World Health Organisation (WHO)
World Economic Forum (WEF)
Managing mental health during coronavirus – people around the world share insights from the World Economic Forum
Complete Mental Health Guide During Covid-19 Pandemic
A selection of COVID-19 Mental Health support information and resources
From Hong Kong
- We have seen the panic that has ensued across the globe over the supply of daily amenities and disinfectant products. Many people are being asked to “self-isolate” and “quarantine” increasing the likelihood of feelings of anxiety and isolation.
- Mental health issues can also lead to increased risks of infection due to failure to identify symptoms of COVID-19 early and seek proper assessment and care. They can reduce or bias a person’s awareness about public health advice on prevention of COVID-19.
- Mental health facilities are high-risk areas of cross-infection where there is limited vigilance by staff working in mental health facilities, and a lack of personal protective equipment.
- Patients and carers suffering from COVID-19, people under quarantine arrangements, and healthcare workers caring for the above groups are vulnerable groups for mental health problems. They need active support in enhancing their mental health resilience, enhancing access to assessment and possibly interventions utilising the telephone or/and internet technology.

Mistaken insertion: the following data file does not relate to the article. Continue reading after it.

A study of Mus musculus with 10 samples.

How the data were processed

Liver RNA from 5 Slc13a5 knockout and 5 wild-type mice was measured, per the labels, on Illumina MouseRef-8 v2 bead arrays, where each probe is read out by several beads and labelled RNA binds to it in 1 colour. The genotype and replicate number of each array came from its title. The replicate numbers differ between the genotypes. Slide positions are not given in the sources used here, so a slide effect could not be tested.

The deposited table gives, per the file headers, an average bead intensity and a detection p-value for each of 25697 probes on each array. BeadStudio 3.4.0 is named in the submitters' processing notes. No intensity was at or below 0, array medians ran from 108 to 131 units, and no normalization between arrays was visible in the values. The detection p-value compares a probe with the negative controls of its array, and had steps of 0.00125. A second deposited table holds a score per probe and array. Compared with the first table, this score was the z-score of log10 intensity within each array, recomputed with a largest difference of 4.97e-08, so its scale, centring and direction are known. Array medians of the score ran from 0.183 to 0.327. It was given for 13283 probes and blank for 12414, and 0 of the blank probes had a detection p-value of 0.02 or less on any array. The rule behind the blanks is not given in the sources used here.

- Practical tips on enhancing mental health resilience will be valuable for the purpose.
From Buenos Aires, Argentina
- The main source of information should always be the National Sanitary Authority, in our case, the National Ministry of Health. Other sources are less reliable in the middle of a sanitary crisis.
- There are two basic aspects in the management of a Pandemic like this. The first one being the epidemic technical handling, and the second one being the mass communication side. In the latter aspect, the role of psychiatrists is essential in building a message that generates awareness instead of generalized fear. The choice of the right words and metaphors is one of the most delicate tasks at the moment.
- It is urgent to bring back the ability to think, that is, to carry out a critical analysis of the information received. Serenity is needed to achieve this. Serenity to think, responsibility to take care of all of us.
- The main goal of restrictive measures is to isolate the virus, but not the population subjectivity. We need to encourage solidarity. Measures of due care are thought to take care of all, not to leave aside or discriminate.
- It is essential to help people to understand the temporal dimension of crisis. It is not the end of the world, but a critical situation with a beginning and an end.
- As physicians, we need to ensure that our public words are help to understand basic sanitary concepts. At the same time, we should keep in mind that coronavirus is not the only sanitary problem worldwide, just the most urgent in this context.
- We also need to inform that in this situation ER Services should not be collapsed, any given telephone numbers should be used for a preliminary triage.